PHOTO SUBMITTED BY PRINEVILLE POLICE DEPARTMENT - For the past three years, the Prineville Police Department and Crook County Sheriff's Office have teamed up to host the Shop with a Cop program. Law enforcement personnel ride buses with 10 selected kids to go gift shopping for loved ones. The program is essentially back to normal in 2021 after COVID rules forced a virtual version last year.

Local law enforcement personnel are looking forward to hosting another Shop with a Cop program this holiday season that should be mostly back to normal.

They managed to host the event last year, but due to the COVID pandemic and associated protocols, they had to substantially dial back the way it was conducted.

"This year will be our third year, and we are going to be using the school buses, driving over to Walmart, coming back and wrapping all of our gifts at the Elks (Lodge) like we did the first year," said Prineville Police Sgt. James Peterson, who led the effort to launch the program locally in 2019. "For 2020, we did a heavily modified version, where we went and picked up the kids, but we went to the police department."

Peterson said that an officer joined each kid with help from other staff members and shopped online for Christmas presents for family members.

"It worked well," he said. "It just lacked that engagement time we would have had if we went over and shopped together and rode the bus and sat down and had dinner while the presents were being wrapped."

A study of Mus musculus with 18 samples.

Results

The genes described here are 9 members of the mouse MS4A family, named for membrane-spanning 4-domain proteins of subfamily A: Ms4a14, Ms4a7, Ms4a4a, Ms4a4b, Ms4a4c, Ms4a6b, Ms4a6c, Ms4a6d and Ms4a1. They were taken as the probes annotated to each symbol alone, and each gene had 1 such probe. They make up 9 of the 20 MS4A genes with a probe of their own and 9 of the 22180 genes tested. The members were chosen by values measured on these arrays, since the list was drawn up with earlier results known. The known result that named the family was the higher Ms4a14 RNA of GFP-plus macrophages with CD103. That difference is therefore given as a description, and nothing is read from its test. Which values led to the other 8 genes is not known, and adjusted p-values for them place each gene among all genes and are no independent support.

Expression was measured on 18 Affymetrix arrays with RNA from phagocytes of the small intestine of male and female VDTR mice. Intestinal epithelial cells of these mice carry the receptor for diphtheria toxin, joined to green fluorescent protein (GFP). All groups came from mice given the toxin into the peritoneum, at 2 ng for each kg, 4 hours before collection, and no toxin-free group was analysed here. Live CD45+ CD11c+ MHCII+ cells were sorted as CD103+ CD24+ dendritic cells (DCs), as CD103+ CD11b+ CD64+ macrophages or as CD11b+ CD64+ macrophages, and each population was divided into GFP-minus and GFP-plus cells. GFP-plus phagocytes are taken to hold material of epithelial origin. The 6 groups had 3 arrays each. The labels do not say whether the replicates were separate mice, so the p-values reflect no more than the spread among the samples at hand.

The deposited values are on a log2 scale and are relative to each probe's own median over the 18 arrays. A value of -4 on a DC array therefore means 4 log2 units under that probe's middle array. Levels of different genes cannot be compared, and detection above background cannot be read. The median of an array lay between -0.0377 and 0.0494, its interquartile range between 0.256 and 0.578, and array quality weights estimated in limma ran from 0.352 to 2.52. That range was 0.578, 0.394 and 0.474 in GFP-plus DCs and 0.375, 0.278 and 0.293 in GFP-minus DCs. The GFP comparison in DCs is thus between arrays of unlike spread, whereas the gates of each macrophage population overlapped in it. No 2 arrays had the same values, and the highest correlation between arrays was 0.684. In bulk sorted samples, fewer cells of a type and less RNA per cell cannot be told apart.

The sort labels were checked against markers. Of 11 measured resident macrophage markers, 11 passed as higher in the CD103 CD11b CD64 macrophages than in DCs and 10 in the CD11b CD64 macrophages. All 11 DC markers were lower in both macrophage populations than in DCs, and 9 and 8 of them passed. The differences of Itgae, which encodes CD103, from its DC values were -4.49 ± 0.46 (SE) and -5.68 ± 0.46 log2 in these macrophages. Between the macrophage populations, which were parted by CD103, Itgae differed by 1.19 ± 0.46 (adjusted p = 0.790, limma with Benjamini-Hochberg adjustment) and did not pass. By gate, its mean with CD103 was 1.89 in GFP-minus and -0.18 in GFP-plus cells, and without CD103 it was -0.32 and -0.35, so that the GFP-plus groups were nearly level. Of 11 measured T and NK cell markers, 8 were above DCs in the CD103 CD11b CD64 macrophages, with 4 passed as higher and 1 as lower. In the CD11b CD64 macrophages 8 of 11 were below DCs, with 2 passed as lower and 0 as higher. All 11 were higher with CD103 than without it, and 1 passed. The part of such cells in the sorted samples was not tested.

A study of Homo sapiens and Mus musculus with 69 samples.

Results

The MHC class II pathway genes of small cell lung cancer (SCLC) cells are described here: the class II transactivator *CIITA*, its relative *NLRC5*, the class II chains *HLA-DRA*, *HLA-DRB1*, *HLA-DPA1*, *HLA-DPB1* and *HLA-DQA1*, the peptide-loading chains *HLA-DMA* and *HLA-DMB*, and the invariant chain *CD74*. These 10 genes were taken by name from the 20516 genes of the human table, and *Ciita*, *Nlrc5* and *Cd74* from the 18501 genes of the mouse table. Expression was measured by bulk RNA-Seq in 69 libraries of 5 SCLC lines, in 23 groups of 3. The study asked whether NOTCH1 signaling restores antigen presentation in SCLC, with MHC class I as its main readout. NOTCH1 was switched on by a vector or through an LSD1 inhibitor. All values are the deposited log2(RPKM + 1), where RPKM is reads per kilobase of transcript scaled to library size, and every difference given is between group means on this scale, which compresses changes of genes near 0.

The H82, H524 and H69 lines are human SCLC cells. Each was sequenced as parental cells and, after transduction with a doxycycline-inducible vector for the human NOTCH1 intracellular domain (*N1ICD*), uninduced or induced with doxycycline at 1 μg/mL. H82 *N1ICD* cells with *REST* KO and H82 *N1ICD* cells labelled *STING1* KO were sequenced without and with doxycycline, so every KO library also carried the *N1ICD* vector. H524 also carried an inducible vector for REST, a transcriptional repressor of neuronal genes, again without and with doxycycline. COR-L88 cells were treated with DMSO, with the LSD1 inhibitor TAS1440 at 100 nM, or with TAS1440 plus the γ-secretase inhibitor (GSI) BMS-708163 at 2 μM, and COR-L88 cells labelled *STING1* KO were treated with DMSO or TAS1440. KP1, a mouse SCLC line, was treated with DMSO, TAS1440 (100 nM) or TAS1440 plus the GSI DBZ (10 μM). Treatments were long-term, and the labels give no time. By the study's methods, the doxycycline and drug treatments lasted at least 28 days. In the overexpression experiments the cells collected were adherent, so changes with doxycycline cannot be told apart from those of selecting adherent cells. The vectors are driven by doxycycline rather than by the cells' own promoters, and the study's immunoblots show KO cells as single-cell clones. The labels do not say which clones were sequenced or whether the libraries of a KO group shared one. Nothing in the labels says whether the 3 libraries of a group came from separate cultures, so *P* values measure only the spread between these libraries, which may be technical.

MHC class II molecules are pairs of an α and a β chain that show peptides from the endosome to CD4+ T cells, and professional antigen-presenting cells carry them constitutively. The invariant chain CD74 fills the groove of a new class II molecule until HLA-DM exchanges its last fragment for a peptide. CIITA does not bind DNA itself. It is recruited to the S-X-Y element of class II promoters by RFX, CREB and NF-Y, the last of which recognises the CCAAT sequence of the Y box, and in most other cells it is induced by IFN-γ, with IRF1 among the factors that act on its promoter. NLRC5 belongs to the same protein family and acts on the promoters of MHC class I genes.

Peterson spearheaded an effort with Crook County Sheriff's Office personnel to start a local Shop with a Cop program after years of the agencies supporting and participating in a Deschutes County-led program. The intent was the for the local law enforcement organizations to connect with Crook County kids and enable them to buy gifts for their loved ones.

This year, they have selected kids from 10 families and will board buses and hit the stores on Dec. 16. When they return, volunteers will wrap the gifts and help serve the meal as cops and kids get acquainted in a friendly setting.

"The main reason why we do this is so that the kids here can have a non-law enforcement contact with a police officer and learn that they are human too. They are just normal people who have families and live and work here," Peterson explained. "A good portion of the kids who are chosen for Shop with a Cop come from some tough circumstances and may have had law enforcement in their past and sometimes have negative outcomes."

While the children for the 2021 Shop with a Cop program have been chosen and the volunteer force for the effort is already in place, Peterson said that the program is still accepting monetary donations, which they have relied on to keep the program going since its inception a couple years ago. "The community has repeatedly stepped up and supported it," he said. "Even in trying times, our community has always stepped up."